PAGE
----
Evidence from Japanese companies assessment on Human Rights Due Diligence
The Human Rights Council unanimously endorsed the UN Guiding Principles on Business and Human Rights (UNGPs) in 2011. More than 10 years later, this global standard for how business should respect human rights has driven some positive change. While a group of leading companies is demonstrating good practice, a large group has still not implemented the ‘smart mix’ of measures needed to ensure respect for human rights throughout their operations and value chains. A transparent and standardised approach to identifying, addressing and reporting on companies’ human rights impacts helps investors, communities, workers and company management make informed decisions.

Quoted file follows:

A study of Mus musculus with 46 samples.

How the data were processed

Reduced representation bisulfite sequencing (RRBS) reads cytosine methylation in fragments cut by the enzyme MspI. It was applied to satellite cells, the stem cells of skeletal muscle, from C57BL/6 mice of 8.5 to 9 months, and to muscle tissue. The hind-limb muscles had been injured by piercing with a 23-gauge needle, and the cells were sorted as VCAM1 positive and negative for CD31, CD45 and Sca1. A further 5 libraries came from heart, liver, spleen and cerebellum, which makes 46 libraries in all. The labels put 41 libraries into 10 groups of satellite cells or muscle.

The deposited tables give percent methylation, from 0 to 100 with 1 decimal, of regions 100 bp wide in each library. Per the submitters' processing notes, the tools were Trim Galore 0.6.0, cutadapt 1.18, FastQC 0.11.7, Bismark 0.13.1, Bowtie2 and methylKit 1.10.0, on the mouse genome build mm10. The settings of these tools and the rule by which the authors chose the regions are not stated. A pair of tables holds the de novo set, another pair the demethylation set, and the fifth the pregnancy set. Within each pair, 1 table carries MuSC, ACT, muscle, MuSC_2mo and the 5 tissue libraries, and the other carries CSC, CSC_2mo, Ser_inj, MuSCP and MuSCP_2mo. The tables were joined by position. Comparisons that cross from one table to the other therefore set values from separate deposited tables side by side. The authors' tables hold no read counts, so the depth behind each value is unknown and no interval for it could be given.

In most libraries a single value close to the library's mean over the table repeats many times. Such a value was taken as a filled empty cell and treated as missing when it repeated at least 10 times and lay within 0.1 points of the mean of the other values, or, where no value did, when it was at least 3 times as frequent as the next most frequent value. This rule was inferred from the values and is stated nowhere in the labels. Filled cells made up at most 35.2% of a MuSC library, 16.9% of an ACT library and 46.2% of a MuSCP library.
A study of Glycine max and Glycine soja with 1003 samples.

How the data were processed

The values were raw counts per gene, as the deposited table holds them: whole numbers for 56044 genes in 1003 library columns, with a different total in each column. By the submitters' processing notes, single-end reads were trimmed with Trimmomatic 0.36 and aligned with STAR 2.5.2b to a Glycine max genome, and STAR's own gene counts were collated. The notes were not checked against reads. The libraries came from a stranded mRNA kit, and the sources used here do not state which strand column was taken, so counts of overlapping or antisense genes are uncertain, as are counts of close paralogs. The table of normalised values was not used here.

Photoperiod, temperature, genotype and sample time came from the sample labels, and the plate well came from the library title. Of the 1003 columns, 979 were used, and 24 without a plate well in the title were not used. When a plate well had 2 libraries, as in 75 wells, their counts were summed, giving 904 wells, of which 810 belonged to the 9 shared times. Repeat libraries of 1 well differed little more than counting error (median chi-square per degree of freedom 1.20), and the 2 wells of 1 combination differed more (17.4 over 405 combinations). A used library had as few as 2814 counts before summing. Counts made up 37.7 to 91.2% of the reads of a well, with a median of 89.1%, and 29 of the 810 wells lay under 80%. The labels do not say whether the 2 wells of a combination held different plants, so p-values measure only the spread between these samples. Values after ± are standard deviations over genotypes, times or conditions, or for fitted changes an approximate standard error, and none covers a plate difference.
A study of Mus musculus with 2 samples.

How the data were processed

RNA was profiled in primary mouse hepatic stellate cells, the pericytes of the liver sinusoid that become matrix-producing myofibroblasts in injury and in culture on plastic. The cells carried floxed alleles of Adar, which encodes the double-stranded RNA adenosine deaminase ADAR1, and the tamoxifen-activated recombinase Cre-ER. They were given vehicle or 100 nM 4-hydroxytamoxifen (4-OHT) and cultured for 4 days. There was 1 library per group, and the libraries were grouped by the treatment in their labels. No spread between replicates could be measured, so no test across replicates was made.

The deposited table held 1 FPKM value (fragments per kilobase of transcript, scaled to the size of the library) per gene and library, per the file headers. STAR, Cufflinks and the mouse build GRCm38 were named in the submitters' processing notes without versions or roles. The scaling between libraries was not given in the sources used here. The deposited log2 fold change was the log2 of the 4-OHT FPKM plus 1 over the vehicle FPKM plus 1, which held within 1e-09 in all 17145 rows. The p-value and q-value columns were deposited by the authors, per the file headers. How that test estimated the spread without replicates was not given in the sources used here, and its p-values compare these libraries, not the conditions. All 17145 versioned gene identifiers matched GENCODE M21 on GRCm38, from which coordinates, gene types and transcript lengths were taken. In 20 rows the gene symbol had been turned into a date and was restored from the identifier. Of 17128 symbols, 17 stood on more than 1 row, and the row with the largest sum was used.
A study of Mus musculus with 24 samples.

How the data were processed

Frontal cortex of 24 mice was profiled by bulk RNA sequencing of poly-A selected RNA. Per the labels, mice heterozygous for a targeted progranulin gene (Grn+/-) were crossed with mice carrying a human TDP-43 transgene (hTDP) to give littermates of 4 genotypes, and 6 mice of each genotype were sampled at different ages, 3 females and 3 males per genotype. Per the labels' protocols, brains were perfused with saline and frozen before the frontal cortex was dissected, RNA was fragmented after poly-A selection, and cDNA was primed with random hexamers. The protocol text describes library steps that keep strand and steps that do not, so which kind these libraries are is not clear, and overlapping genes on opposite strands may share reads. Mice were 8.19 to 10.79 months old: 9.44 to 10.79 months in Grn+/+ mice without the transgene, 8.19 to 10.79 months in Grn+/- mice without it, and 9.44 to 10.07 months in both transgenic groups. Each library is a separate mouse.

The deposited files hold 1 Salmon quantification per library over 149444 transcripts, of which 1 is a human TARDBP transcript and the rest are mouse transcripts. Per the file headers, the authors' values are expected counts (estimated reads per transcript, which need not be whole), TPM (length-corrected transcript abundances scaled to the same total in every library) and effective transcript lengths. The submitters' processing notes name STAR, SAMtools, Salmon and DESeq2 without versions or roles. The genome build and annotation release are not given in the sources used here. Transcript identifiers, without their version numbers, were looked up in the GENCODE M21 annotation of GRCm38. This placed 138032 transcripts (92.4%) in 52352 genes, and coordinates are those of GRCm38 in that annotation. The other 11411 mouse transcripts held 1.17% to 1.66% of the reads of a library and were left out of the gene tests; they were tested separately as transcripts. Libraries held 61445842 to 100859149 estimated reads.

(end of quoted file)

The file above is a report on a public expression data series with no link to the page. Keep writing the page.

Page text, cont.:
Many of the G7 countries have announced mandatory reporting and/or due diligence requirements to detect and prevent human rights risks and harm in corporate supply chains. The European Commission has recently adopted a proposal for a Directive on corporate sustainability due diligence.
The Japanese government recently announced it will draft guidelines for human rights due diligence (HRDD) to track and prevent human rights violations in company supply chains. Japan will be on track to become the first Asian country with HRDD legislation.
Through this policy note, the World Benchmarking Alliance (WBA) and Business & Human Rights Resource Centre (Resource Centre) aim to provide recommendations for the proposed guidelines based on evidence from Japanese companies’ performance on key human rights indicators.